The UniBone Linux computer for UNIBUS


Continuing the discussion from Interfacing modern MCU's to older hardware:

I was reminded of @RichardP’s thread when I saw this series of articles:

This fellow has put a BeagleBone Black on the UNIBUS of a PDP-11 as a standard peripheral device, and can emulate a variety of peripherals using the Linux machine. The PRUs (small, RISC embedded processors) attached to the GPIOs on the BBB enable him to get around some of the timing problems that @RichardP is experiencing putting an ESP32 on an Amiga memory bus.

The project is very interesting and very well documented, and includes a little bit of everything. The custom board, of course, but also some custom 3D-printed parts to keep the profile low enough to fit in a standard UNIBUS slot, as well as software to emulate UNIBUS memory expansion cards and hard disk controllers with attached hard disks – it even goes so far as to include a 3D printed case that mounts the original HDD lamps and buttons from the HDD device!

It looks like the project came about some time last year, and is still under active development; there is a Google Group with a number of messages this month.

Using modern ARMs as peripherals for retro 8 bit systems

Very interesting! Their goal is to do all intelligent handling in linux user processes, and to use the PRUs to handle the bus timing. The basic bus cycle is 1MHz, the signalling handshakes are on the order of 100s of nanoseconds, but as it’s an asynchronous bus which waits some 10 microseconds before timing out, this recipe turns out to be feasible. Tech details here:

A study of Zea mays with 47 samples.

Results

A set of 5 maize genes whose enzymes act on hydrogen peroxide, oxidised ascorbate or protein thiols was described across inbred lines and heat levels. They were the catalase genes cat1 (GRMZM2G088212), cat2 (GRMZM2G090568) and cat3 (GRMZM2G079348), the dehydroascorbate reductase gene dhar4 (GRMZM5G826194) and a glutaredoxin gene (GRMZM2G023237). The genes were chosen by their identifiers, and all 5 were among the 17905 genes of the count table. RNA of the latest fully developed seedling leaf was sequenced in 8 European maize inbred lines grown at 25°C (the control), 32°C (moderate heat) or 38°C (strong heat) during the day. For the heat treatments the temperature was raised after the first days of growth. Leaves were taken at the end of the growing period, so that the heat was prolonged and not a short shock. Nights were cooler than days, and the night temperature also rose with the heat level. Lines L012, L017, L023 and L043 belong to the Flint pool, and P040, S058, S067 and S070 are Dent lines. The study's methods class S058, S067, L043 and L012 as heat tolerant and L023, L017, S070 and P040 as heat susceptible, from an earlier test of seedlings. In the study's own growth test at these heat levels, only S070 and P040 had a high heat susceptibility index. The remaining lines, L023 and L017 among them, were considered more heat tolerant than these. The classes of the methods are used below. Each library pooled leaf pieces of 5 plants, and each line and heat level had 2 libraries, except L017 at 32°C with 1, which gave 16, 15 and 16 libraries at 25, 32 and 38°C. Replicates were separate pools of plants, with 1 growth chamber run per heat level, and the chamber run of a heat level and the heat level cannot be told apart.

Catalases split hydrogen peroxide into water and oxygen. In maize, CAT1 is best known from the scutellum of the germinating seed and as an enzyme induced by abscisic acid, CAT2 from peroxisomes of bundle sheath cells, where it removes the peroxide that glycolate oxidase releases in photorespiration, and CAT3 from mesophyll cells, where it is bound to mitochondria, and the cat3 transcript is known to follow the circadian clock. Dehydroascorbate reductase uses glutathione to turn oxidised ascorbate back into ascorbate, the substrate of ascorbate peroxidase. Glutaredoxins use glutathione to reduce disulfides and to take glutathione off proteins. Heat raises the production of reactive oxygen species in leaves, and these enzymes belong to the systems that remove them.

Does the beagle bone not suffer the DRAM refresh stalls that (apparently) afflict the Raspberry Pi? Or is that simply not an issue here either, due to stretching of SSYN.


The PRUs do not have unpredictable RAM latency problems, as I understand it. I’m not super familiar with the architecture, I don’t know if they have local RAM or a cache or what, but they are capable for bit-banging some quite fast clocks, reliably. They are separate, entirely autonomous RISC cores, but they do share main memory with the ARM.

DRAM refresh stalls are a problem in general for DRAM, though, right? Does the Pi have a particular issue?


I’ve been exploring using an R Pi as a “Super I/O” processor as I call it. My protocol is asynchronous, clocked by the host, and handshake based, so it’s not really susceptible to stalls (on either end), but during the discussions @drogon mentioned the RPi stalls would make it particularly unsuitable to something that could monitor GPIO with enough resolution to where it wouldn’t potentially miss signals from the host CPU due to these stalls.

Maybe he can chime in with more details.


I don’t have many more details than that - the Pi is often called “a GPU with an ARM attached”… the GPU is king - it controls the DRAM (and video) refresh resulting in non-deterministic jitter on the ARM side of things.

the PiTube direct project runs code on the GPU - or at least one of it’s processors. It’s not an area I’ve really looked at, but AIUI, even then, it’s only just good enough to accurately sample a 2Mhz signal, so using a Pi as a cpu bus level peripheral is only just possible for a 2Mhz (6502) bus. It would be well worth looking at the PiTube direct project for more details.

My own 8/16 bit MCU to Pi project effectively has the Pi emulate one port of a 6522 VIA, so the Pi polls for the strobe, reads the 8-bits of data, sends the Ack… I can get about 1MB/sec between a (8Mhz) 6502 and the Pi that way and any stalls at the Pi end are not noticed.